What is contamination?
The presence of substances and conditions in food that can be harmful to humans.
What is cross-contamination?
The transfer of biological, physical or chemical contaminants to food products from raw foods, food handlers, and food processing equipment.
The type of cross-contamination most frequently implicated in food-borne illness occurs when pathogenic bacteria or viruses are transferred to ready-to-eat foods. Cross-contamination is one of the major causes of food poisoning.
How does cross-contamination happen?
- Storing raw and ready- to-eat food together
- Not washing hands after touching raw food
- Using the same chopping board or knife for raw and ready-to-eat food without proper cleaning
- Handling raw product, then handling cooked product
- Touching unclean cooler door handle, then handling product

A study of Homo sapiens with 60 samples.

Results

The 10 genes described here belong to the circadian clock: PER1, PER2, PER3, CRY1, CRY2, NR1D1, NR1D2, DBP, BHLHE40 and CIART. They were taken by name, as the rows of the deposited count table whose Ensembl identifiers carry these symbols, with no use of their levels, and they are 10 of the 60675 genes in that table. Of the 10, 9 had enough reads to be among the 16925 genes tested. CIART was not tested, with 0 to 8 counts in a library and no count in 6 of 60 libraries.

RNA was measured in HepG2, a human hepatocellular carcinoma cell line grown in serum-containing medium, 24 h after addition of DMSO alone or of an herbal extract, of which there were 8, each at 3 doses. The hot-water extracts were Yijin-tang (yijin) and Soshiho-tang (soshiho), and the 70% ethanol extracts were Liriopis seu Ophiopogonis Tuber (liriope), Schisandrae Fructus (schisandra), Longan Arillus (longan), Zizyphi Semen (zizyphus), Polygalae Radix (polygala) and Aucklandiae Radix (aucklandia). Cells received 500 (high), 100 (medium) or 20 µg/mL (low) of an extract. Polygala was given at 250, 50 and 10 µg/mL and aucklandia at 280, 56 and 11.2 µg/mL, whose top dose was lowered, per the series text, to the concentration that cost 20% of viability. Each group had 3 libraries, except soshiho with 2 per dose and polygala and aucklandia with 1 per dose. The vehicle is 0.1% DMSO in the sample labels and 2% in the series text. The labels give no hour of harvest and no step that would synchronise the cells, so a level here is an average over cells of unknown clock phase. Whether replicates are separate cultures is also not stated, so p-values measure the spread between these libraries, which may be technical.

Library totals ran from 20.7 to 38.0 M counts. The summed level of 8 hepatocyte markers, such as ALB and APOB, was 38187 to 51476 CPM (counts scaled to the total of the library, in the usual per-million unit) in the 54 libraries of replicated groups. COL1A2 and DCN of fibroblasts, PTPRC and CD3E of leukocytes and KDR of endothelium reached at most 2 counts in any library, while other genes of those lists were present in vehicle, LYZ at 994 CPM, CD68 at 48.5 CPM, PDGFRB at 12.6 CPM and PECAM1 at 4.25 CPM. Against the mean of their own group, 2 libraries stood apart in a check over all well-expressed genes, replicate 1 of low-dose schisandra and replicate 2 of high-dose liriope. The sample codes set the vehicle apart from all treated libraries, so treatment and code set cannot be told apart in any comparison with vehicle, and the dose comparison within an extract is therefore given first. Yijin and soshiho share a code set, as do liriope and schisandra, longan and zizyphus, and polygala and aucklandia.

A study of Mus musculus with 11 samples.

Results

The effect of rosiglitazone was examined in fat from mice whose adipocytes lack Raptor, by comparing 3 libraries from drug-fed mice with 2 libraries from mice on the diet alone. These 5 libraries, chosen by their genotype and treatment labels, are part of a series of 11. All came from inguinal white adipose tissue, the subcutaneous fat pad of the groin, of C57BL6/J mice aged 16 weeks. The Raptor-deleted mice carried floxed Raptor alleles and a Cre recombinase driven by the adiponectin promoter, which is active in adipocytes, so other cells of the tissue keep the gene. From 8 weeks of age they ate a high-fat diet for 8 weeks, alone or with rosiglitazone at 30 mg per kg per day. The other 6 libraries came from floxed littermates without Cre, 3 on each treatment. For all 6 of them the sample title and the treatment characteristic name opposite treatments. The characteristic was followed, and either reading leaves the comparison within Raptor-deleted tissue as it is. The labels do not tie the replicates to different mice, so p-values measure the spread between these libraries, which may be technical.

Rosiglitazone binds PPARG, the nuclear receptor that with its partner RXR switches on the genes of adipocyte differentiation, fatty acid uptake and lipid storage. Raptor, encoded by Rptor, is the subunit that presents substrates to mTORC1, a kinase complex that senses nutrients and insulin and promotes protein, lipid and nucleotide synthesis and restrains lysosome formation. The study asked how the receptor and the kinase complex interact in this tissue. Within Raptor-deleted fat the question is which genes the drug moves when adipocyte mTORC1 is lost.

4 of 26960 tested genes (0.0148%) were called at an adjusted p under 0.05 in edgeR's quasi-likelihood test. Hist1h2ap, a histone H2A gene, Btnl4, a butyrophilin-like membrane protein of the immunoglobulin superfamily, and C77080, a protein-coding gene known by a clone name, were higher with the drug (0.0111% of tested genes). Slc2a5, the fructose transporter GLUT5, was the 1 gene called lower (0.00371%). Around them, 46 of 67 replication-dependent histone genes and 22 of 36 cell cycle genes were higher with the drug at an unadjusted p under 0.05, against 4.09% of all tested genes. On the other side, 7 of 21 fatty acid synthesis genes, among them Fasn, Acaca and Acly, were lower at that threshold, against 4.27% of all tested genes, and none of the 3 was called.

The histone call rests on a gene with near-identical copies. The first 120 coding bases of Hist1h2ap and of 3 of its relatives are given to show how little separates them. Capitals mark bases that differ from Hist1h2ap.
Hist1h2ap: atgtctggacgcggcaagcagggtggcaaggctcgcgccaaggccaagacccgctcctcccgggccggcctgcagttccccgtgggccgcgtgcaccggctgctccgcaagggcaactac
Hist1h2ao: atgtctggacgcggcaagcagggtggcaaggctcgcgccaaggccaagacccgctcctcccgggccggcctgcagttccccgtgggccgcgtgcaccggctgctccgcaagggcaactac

- Shovel used to handle floor waste, also used to handle product
Tips to minimize cross-contamination
- Don’t prepare food when you are sick
- Wash your hands
- Separate ready-to-eat foods from raw foods
- Separate different types of raw foods
- Clean and sanitize/disinfect between different types of food.
- Use labels and color coding in segregating raw materials and utensils
- Food handling or processing areas and equipment adequately cleaned and sanitized.
- Keep food in clean, covered containers separate from chemicals.
- Use different (or properly cleaned and sanitized) surfaces and utensils for raw and ready-to-eat food.
- Adequate separation of raw and cooked or ready-to-eat product during receiving, processing, storage and shipping.